December 30, 2018 Click on the left end of the black bar to play/pause
December 30, 2018
Fr. George Smiga
The important line in today’s gospel takes place towards the end where it says that Jesus’ mother “kept all of these things in her heart.” The things that the gospel has just reported to us comprise a very difficult and painful episode in the life of The Holy Family. For three days Joseph and Mary could not find their son. When they finally find him in the temple Mary says, “Son, your father and I have been looking for you with great anxiety.” Great anxiety to be sure! We can only imagine what was going through Joseph’ and Mary’s minds as they looked for Jesus: Had he been kidnapped? Was he hurt—or worse? Finding him was certainly a relief, but the whole experience was a disaster, a frightening and painful ordeal.
So, why does the text tell us that Mary kept this painful episode in her heart? Would it not make more sense for Mary to simply forget that it happened and move on. This gospel says, no. Using the example of Mary, this gospel tells us that there is a value in remembering all the events of our lives, even the painful ones. Why is this the case? Because whatever happens to us becomes part of our story, and it is only when we can embrace our whole story that we understand who we are and how God is loving us.
All of us have parts of our lives that we wish could be different, that we wish could be changed. But when things happen to us, they become part of us, a part of our story. Then we must try to learn how to keep them in our heart. Alcoholics know this truth well. There are many parts of their lives that they wish could be different: people that they hurt or disappointed, harm that they caused to themselves and others. But recovering alcoholics understand that the way forward is to claim the past mistakes as they happened, because it is only by doing so that an alcoholic can remain sober and live life again.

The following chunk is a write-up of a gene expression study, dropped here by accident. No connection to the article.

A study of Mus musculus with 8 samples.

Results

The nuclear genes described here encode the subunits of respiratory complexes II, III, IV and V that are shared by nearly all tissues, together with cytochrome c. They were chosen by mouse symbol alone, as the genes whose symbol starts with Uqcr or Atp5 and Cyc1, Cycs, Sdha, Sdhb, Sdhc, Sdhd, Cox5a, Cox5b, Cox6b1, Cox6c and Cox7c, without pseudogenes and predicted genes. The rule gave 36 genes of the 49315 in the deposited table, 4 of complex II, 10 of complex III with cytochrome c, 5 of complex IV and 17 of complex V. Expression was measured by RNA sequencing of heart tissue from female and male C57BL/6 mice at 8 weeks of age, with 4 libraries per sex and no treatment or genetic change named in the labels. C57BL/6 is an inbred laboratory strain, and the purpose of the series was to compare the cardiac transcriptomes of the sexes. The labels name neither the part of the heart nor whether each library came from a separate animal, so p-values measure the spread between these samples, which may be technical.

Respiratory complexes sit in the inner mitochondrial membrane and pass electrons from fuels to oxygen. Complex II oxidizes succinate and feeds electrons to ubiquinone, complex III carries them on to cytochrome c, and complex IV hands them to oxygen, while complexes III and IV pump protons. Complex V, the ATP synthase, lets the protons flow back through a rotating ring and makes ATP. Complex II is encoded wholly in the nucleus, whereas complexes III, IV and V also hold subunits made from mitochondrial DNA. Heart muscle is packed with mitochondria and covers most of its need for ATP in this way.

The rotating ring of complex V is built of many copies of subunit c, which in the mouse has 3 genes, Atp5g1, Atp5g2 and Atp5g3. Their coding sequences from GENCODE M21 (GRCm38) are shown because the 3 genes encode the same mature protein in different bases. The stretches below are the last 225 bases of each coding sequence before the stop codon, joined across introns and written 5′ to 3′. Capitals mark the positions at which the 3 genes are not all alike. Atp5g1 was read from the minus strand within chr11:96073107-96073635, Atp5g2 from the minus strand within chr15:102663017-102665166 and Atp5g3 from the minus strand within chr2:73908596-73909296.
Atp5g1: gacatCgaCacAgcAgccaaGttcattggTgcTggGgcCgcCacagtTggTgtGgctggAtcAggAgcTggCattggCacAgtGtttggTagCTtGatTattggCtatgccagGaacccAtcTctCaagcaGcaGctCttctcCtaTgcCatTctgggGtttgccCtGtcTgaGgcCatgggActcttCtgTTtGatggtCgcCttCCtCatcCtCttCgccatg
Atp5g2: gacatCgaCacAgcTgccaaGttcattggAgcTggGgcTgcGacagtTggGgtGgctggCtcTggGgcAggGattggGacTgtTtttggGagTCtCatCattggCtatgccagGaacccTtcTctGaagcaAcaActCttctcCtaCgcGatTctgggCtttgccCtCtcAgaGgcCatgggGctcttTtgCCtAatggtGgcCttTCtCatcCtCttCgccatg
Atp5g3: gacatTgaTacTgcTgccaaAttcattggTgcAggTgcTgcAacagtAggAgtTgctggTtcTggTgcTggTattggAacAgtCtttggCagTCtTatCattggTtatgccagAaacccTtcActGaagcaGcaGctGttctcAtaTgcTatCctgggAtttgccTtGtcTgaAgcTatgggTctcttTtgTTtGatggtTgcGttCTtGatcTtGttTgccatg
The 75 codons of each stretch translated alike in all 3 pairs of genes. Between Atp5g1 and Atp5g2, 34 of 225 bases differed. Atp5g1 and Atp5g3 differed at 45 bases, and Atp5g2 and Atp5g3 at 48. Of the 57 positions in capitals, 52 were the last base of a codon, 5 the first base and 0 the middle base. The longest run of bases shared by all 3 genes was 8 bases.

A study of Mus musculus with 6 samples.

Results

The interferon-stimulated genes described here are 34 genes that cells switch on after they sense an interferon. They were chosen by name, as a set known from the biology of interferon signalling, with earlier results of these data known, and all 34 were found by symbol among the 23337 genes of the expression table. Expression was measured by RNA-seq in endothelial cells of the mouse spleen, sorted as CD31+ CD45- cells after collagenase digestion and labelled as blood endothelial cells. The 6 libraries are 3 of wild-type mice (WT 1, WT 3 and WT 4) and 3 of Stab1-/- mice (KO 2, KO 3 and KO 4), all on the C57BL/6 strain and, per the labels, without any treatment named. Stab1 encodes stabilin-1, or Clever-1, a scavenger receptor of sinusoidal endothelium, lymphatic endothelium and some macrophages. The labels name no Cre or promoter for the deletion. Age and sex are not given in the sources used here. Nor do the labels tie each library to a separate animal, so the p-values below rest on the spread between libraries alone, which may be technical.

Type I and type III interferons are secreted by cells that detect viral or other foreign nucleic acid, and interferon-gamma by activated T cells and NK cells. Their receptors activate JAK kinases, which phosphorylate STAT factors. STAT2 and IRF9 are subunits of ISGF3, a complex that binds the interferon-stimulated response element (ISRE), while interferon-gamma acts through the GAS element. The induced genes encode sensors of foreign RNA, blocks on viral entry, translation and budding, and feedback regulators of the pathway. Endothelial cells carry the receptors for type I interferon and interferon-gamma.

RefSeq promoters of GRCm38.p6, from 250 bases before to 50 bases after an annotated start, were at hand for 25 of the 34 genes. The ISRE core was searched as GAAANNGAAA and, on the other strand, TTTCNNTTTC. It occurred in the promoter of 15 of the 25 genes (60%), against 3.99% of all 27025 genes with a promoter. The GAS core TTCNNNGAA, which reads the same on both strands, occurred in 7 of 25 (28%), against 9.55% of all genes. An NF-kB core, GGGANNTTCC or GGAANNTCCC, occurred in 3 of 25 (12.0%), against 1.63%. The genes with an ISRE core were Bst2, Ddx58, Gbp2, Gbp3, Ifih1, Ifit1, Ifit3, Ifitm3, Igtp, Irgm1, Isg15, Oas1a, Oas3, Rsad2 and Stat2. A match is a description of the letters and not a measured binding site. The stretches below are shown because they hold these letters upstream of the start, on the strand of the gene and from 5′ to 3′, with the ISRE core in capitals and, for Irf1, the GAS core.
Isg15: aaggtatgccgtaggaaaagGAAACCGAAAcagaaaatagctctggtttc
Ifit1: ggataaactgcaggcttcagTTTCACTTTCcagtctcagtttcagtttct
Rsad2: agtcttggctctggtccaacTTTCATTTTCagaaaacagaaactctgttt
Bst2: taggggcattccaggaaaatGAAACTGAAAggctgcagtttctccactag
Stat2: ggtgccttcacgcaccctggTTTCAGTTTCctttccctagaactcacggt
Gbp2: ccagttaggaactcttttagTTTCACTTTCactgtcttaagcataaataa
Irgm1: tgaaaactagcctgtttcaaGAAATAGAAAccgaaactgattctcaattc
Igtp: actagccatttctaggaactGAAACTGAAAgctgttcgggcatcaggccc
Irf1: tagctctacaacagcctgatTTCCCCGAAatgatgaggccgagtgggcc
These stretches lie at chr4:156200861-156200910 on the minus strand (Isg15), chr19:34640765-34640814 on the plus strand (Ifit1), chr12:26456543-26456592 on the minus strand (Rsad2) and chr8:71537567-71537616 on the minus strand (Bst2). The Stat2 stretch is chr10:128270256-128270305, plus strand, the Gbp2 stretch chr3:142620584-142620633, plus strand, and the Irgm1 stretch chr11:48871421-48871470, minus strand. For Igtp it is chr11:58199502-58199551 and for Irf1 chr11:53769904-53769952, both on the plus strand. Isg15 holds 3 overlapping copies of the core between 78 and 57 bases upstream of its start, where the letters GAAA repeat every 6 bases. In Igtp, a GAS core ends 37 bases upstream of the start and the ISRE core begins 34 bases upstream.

Anyone who deals with an aging parent or spouse in the last part of life knows what a struggle that can be: worry, impatience, anger, dismay over the suffering of the person we love. When death comes, of course, it makes sense to focus on the good times, when health was robust and life was joyous. But this gospel tells us there is an advantage in remembering those dark days of struggle, because the presence and commitment that are displayed there have their own important things to say about love.
We all like to remember the good times. Today’s gospel asks us to remember the difficult days as well. Using the example of Mary, who kept all of the experiences of her life in her heart, this gospel calls us to see that it is better to accept our mistakes and limitations than to deny them. It is wise to own our painful days rather than forget them, because every day, good or bad, easy or difficult, is a part of our story. And it is only when we embrace our whole story that we realize who we are and that we come to see the unique way that God is loving us.